Saturday, December 10 (Suggested Reading  Matthew 2:13-15; Hebrews 6:17-20; Deuteronomy 6:10-12)


In Princeton, New Jersey, Nassau Presbyterian Church has been in the refugee business for about 50 years. Their goal is to assist one refugee family every five years.  They are currently sponsoring a Muslim family from Syria.

According to their web site, their Refugee Resettlement Committee has sponsored families from Europe, Africa, and Asia, including Bosnia, Sudan, Myanmar, and Syria. All refugees have fled their homelands because of war or political and religious persecution. The committee helps families find housing, jobs, and medical care, enroll children in school, serves as their advocate, tutors the adults in English as a Second Language, provides modest help with start-up expenses, and assists with getting the government benefits to which refugees are entitled.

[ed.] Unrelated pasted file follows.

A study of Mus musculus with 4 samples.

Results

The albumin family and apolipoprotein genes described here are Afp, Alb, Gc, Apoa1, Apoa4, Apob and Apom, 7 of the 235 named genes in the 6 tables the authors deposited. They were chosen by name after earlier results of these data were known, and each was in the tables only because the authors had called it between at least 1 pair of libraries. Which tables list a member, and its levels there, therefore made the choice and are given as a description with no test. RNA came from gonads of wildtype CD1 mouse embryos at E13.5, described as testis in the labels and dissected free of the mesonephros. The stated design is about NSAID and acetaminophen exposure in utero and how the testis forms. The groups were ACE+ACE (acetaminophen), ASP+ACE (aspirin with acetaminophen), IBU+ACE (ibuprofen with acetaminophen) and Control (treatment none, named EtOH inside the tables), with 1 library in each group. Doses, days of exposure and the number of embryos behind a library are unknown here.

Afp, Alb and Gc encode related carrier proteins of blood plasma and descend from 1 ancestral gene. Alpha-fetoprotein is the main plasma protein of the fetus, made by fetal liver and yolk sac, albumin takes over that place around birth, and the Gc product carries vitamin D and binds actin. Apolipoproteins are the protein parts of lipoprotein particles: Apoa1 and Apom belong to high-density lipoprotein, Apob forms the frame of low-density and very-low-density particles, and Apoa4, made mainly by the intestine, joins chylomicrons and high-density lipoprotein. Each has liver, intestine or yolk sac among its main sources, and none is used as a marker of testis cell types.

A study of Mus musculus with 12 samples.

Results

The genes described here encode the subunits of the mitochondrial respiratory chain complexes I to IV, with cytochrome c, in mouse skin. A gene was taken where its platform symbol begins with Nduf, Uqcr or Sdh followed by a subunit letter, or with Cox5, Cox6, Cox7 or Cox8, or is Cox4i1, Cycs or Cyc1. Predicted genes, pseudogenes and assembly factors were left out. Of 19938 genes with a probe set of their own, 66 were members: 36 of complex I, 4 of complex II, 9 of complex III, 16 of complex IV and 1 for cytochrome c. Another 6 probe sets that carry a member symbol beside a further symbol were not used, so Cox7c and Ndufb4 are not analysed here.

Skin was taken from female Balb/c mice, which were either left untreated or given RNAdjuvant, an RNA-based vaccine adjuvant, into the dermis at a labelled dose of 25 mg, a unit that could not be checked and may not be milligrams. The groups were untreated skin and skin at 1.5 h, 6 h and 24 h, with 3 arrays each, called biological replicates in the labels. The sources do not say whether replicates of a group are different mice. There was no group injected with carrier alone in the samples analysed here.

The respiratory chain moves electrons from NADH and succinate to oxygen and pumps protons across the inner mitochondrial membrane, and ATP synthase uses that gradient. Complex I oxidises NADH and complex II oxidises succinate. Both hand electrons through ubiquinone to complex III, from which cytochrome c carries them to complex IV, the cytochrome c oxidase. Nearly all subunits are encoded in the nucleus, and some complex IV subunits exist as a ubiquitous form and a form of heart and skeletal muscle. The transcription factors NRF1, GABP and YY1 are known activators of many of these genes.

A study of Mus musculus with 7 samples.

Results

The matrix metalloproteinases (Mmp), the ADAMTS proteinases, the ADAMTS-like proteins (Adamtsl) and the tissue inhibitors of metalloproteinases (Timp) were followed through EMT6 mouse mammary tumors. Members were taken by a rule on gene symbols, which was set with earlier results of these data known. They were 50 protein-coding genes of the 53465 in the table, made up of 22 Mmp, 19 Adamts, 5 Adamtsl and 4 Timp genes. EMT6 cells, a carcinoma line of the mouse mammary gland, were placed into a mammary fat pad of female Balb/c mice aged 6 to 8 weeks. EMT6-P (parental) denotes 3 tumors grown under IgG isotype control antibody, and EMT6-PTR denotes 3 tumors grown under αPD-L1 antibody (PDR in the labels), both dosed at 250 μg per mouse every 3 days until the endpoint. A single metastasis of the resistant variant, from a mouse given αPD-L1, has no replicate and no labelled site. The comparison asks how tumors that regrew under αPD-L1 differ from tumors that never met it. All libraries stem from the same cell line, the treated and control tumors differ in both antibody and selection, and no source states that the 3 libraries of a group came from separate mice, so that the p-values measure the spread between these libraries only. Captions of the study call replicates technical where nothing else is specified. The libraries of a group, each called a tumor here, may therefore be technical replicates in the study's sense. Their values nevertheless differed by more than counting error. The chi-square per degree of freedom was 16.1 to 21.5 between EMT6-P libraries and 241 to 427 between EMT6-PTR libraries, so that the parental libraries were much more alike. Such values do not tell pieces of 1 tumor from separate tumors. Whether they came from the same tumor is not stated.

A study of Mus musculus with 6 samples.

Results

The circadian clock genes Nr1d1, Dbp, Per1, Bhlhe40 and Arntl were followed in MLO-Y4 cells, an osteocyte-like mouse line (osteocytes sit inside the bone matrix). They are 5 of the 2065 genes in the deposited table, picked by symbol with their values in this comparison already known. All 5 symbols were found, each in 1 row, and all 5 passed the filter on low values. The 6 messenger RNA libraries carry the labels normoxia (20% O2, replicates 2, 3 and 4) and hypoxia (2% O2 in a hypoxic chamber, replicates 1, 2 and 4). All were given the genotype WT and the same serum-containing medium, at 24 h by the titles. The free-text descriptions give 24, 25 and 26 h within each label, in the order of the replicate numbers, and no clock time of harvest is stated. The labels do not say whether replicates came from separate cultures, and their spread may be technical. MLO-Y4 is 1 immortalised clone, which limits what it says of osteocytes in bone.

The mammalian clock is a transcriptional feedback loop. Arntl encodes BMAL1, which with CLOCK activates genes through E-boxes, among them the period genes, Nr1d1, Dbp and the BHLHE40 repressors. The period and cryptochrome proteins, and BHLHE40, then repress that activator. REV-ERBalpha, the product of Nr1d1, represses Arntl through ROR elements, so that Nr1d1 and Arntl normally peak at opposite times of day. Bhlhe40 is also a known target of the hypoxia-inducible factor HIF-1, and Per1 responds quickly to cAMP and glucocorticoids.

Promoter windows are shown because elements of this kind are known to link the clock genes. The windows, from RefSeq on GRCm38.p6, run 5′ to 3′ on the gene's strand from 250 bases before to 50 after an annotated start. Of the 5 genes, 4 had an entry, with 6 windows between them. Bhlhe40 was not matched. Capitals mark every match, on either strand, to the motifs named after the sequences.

When God brought Israel out of Egypt and led them through the wilderness, He reminded them frequently of His covenant promise to give them a great land and make them a great nation. Even though they were facing years of misery wandering in the desert, He wanted them to remember Him and His great love and faithfulness toward them, and He wanted them to know that He had a purpose for bringing them through the desert. The long, arduous journey was meant to show them that He was all they needed.

When Jesus’ family fled to Egypt to escape Herod, they discovered what it meant to be refugees. But the passage in Matthew tells us that even in this, God had a purpose- that the prophecy from Hosea 11:1 would be fulfilled.

In a sense, every Christ follower is a refugee. We are living in a world where we don’t really belong. Once we respond in faith to the Gospel message, we become citizens of another country- Heaven. While we are here, though, we have a great hope, one which Hebrews describes as an anchor of the soul, and this hope anchors us within the veil- in the holy of holies- where Jesus sits.

I find it very comforting to remember that for every obstacle in life, Christ is my solution. He is my hiding place from danger, He is my fortress, He is my priest, He is my intercessor. And, as I travel the deserts of this world as a refugee waiting to be settled in my Heavenly home, He is my constant companion and my hope.